May 22, 2018 by Greg Meckbach
Property insurers’ subrogation rights in Canada may be a bit broader than some lawyers and judges might think.
An off-cited trilogy of Supreme Court of Canada decisions released during the 1970s– including one in favour of the Eaton’s department store chain – “did not enunciate freestanding principles,” Justice Russell Juriansz of the Court of Appeal for Ontario wrote in a ruling released this past Friday.
The ruling – Royal Host GP Inc. v. 1842259 Ontario Ltd. – overturned a Superior Court of Justice decision released July 5, 2017.
The case arose from a fire that broke out in 2011 in commercial property in Thunder Bay, the location of both a Travelodge Hotel and the Sushi Station restaurant. Through 1842259 Ontario, the restaurant is operated by Mao Hui Zhang, Tian Xing Yang and Dong Jiang.
Royal Host, the landlord, alleged the fire arose through the negligence of the restauranteurs. The dispute before the court was over whether Royal Host’s insurer could pursue a subrogated claim against the restauranteurs, rather than on the cause of the fire.
Initially, Justice Mark Garson of the Ontario Superior Court of Justice decided in favour of the tenant, 1842259 Ontario, ruling that landlord Royal GP’s insurer could not sue the tenants for negligence on behalf of the landlord. But Friday’s ruling paves the way for the landlord’s insurer to subrogate.
“As a general rule, courts have limited the subrogation rights of an insurer when a landlord covenants to pay for the insurance and agrees to look to its own insurer for any loss,” Justice Garson wrote. He cited three Supreme Court of Canada rulings: Pyrotech Products Ltd. vs. Ross Southward Tire Ltd., released in 1975; Smith vs. T. Eaton Co., released in 1977; and Cummer-Yonge Investments Ltd. v. Agnew-Surpass Shoe Stores Ltd. All three arose from fires in commercial properties.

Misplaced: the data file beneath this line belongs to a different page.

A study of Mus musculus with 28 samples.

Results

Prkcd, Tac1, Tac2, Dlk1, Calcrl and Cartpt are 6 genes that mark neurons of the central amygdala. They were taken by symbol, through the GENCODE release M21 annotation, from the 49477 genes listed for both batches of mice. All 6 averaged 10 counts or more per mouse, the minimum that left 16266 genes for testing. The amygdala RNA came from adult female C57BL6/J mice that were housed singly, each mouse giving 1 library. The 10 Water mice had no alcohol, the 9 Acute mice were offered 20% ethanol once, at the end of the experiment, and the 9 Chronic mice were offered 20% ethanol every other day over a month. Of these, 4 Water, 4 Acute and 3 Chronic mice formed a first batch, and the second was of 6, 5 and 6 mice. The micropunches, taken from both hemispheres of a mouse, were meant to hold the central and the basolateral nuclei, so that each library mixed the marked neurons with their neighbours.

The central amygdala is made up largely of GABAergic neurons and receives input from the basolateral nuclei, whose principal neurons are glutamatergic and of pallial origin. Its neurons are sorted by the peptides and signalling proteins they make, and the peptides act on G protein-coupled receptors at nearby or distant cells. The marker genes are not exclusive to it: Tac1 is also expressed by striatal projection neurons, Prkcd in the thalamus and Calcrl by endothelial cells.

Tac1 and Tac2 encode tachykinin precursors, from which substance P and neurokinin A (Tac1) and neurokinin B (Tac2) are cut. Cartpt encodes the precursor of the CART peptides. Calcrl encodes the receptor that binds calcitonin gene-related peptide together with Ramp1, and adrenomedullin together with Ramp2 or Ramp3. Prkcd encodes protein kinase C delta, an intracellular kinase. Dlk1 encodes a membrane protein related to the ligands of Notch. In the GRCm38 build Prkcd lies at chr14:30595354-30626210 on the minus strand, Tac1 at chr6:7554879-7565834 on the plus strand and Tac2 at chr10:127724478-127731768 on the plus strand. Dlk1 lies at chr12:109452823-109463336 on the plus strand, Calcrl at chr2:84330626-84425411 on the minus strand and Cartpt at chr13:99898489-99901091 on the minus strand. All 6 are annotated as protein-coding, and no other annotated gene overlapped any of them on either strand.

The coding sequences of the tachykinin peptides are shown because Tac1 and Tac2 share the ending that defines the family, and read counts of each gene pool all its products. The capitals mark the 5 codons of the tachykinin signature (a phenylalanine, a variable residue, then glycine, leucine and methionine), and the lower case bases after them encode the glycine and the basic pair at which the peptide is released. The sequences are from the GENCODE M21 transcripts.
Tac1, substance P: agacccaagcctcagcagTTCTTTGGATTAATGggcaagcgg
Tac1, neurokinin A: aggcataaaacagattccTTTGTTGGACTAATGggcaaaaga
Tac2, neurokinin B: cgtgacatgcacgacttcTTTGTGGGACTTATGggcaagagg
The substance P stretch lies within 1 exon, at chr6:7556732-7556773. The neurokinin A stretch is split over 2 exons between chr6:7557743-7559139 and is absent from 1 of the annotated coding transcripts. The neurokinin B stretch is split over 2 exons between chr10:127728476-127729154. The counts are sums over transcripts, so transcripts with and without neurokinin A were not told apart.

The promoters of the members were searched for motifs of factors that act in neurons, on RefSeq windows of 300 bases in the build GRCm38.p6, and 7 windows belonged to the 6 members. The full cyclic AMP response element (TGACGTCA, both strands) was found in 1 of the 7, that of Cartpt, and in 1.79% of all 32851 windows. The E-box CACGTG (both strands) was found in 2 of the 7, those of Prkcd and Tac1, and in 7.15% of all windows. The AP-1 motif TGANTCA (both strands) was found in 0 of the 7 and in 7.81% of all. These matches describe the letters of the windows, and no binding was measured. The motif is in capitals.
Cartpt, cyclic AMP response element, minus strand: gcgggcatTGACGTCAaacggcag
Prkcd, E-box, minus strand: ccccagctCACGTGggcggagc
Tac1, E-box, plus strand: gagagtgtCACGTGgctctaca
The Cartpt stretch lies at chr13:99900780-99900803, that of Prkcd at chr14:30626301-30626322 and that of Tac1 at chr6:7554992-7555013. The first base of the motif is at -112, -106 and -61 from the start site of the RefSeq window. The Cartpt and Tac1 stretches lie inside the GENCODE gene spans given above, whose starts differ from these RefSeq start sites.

That “trilogy” of cases is often cited in subrogation lawsuits – arising from fires allegedly caused by tenants negligence – when the lease agreements stipulate that the landlord’s must buy fire insurance.
In general, when lease agreements require one party to obtain insurance for “any loss which would have been covered by that insurance, even if caused by the negligence of the other party,” that agreement “essentially creates a complete waiver of subrogation,” Adam Grant, a lawyer for McCague Borlack, wrote in an article on his law firm’s website. The article – Liability Limits in Subrogation – was not on the Royal Host ruling but on limitations of liability clauses cargo shipment contracts.
In the lease agreement in Thunder Bay between Royal Host and the numbered company operating the Sushi Station, the landlord agreed to obtain $10 million in property and general liability insurance. The lease agreement also stipulated that the tenant “is not relieved of any liability arising from or contributed to by its acts, fault, negligence or omissions.” Despite the tenant’s liability, Justice Garson ruled that the landlord had no subrogation rights because the lease agreement did not “expressly preserve the right of subrogation by the landlord’s insurer against the defendants.”
But the trilogy of 1970s rulings arose from “the particular provisions of the leases that were in issue in those cases,” Justice Juriansz wrote. Concurring with Justice Juriansz were Justice Alexandra Hoy and Bradley Miller.